How To Generate Passive Income Using Cash-Secured Puts: The Step-By-Step Guide

by: Sure Dividend
Summary

The end goal of many dividend investors is to generate enough portfolio income to cover their living expenses.

There are really just two ways to reach this goal faster: have a larger investment portfolio or generate a higher yield from that portfolio.

In this video, I explain how you can generate higher portfolio income by implementing a sophisticated options strategy called cash-secured puts.

The end goal of many dividend investors is to generate enough portfolio income to cover their living expenses.

There are two ways to reach this goal faster: have a larger portfolio or generate a higher portfolio yield.

In this video, I explain how you can generate higher portfolio income by implementing a sophisticated options strategy called cash-secured puts.

This video discusses the following concepts:

• What Is A Cash-Secured Put Options Strategy?

• How To Select Which Cash-Secured Puts To Sell

• Cash-Secured Put Example #1: Johnson & Johnson (JNJ)

• Cash Secured Put Example #2: The Coca-Cola Company (KO)

• Cash-Secured Put Example #3: Berkshire Hathaway (BRK.B)

We have also included a brief summary of the cash-secured puts option strategy, for those who prefer learning through text rather than through video.

What is a cash-secured put options strategy?

In a cash-secured put options strategy, you sell a put option for a security that you would like to purchase, but at a lower price than it is currently trading at. This allows you to receive the option premium upfront in exchange for the obligation to purchase the security at a lower price point.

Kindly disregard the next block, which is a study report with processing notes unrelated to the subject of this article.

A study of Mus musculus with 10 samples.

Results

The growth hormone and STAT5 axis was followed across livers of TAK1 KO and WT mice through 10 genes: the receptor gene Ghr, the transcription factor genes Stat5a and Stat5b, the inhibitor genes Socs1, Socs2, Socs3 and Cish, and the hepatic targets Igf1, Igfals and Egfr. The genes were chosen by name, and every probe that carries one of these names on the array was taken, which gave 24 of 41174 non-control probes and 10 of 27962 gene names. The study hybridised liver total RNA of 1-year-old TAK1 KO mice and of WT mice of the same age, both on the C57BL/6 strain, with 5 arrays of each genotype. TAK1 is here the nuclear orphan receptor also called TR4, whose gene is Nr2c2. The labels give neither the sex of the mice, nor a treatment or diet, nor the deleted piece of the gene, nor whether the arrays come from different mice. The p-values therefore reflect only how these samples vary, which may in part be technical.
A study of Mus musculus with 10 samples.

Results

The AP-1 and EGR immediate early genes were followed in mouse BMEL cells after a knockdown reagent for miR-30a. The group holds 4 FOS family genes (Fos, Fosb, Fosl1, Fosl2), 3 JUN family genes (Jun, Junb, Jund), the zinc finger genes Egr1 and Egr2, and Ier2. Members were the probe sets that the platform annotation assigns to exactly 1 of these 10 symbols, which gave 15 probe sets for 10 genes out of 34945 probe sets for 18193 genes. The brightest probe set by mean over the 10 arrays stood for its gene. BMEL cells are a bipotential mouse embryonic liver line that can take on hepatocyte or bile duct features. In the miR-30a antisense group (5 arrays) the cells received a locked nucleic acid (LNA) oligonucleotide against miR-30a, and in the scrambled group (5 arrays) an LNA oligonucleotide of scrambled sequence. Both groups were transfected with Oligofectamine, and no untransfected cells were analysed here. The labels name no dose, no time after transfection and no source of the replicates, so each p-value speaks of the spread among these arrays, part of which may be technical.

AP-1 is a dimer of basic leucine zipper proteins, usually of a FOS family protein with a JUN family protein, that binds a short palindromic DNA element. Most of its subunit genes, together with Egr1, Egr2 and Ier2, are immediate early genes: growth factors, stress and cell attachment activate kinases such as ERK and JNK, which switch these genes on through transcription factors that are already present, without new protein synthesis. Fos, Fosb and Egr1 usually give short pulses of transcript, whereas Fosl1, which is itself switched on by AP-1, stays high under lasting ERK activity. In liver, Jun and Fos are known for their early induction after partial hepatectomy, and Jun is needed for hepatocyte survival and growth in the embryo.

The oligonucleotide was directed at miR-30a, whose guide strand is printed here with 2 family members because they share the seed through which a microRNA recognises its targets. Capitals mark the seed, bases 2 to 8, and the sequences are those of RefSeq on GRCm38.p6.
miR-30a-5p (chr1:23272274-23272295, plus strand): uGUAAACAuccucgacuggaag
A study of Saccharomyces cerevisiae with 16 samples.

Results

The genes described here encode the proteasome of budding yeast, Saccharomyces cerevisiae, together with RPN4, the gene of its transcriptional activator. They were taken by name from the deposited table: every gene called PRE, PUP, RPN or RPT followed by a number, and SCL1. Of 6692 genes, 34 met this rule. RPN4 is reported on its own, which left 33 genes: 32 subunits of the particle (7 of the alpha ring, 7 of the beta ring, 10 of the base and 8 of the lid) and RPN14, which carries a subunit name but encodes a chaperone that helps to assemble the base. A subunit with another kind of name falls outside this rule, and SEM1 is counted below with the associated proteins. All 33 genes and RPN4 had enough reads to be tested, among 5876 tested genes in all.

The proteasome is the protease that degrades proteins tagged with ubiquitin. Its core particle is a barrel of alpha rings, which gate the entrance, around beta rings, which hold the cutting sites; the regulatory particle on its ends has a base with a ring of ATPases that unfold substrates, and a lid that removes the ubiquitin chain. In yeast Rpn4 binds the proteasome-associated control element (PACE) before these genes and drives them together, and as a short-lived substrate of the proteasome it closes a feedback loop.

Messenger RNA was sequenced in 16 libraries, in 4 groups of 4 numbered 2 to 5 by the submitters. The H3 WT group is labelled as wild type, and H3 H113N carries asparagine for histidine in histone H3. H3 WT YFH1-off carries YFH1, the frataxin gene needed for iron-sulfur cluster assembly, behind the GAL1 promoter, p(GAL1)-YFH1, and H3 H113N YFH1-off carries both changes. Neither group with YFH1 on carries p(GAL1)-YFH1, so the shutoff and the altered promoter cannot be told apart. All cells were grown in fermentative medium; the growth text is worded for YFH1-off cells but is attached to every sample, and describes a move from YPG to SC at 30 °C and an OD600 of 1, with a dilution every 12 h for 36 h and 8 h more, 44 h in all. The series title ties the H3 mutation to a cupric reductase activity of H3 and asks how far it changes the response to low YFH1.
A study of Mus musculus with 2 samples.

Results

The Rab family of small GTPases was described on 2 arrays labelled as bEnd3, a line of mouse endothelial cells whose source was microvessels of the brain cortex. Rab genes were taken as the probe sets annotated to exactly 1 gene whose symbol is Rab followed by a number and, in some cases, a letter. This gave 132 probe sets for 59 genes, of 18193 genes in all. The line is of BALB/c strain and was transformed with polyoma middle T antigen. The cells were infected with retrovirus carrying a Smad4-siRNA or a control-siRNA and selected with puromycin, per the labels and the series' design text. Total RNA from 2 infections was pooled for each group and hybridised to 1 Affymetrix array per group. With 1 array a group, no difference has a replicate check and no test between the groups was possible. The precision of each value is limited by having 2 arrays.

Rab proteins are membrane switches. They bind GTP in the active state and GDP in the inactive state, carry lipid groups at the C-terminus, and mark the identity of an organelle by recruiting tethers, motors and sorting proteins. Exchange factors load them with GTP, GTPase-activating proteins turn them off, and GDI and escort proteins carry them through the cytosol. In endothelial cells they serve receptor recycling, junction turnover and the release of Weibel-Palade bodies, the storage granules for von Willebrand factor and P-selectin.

In an ideal scenario, the stock that you own will trade above the strike price of the option for the duration of the option’s lifespan. This means that you will collect the option premium and will not be required to actually purchase the underlying stock. While this is the ideal scenario, there are still two other possible scenarios that must be understood before an investor participates in a cash-secured put options strategy.

The second alternative scenario is when the underlying stock falls to a level that is between the strike price and the strike price less the option premium. In this scenario, the investor still wins because its adjusted cost basis is still better than what’s available on the open market after you account for the option premium received.

The third scenario is when the stock price declines to a point below the strike price minus the option premium. In this scenario, the investor’s adjusted cost basis is worse than what can be achieved on the open market, even after accounting for the option premium received in the beginning. This is the worst-case scenario for the cash-secured put trader.

How To Decide Which Cash-Secured Puts To Sell

In my experience, an excellent way to identify put options that are suitable for a cash-secured put strategy is by targeting the following characteristics:

• Stock options with 45-60 days until expiration;

• With strike prices ~1 standard deviation below the current market price

If you take anything away from this video and text summary, let it be this: cash-secured puts allow you to generate passive income from the cash that sits in your account waiting to buy high-quality companies at lower purchase prices. Because of the collateral embedded in this strategy, we recommend it only to investors that are very comfortable dealing with stock options.

Disclosure: I am/we are long JNJ.

I wrote this article myself, and it expresses my own opinions. I am not receiving compensation for it. I have no business relationship with any company whose stock is mentioned in this article.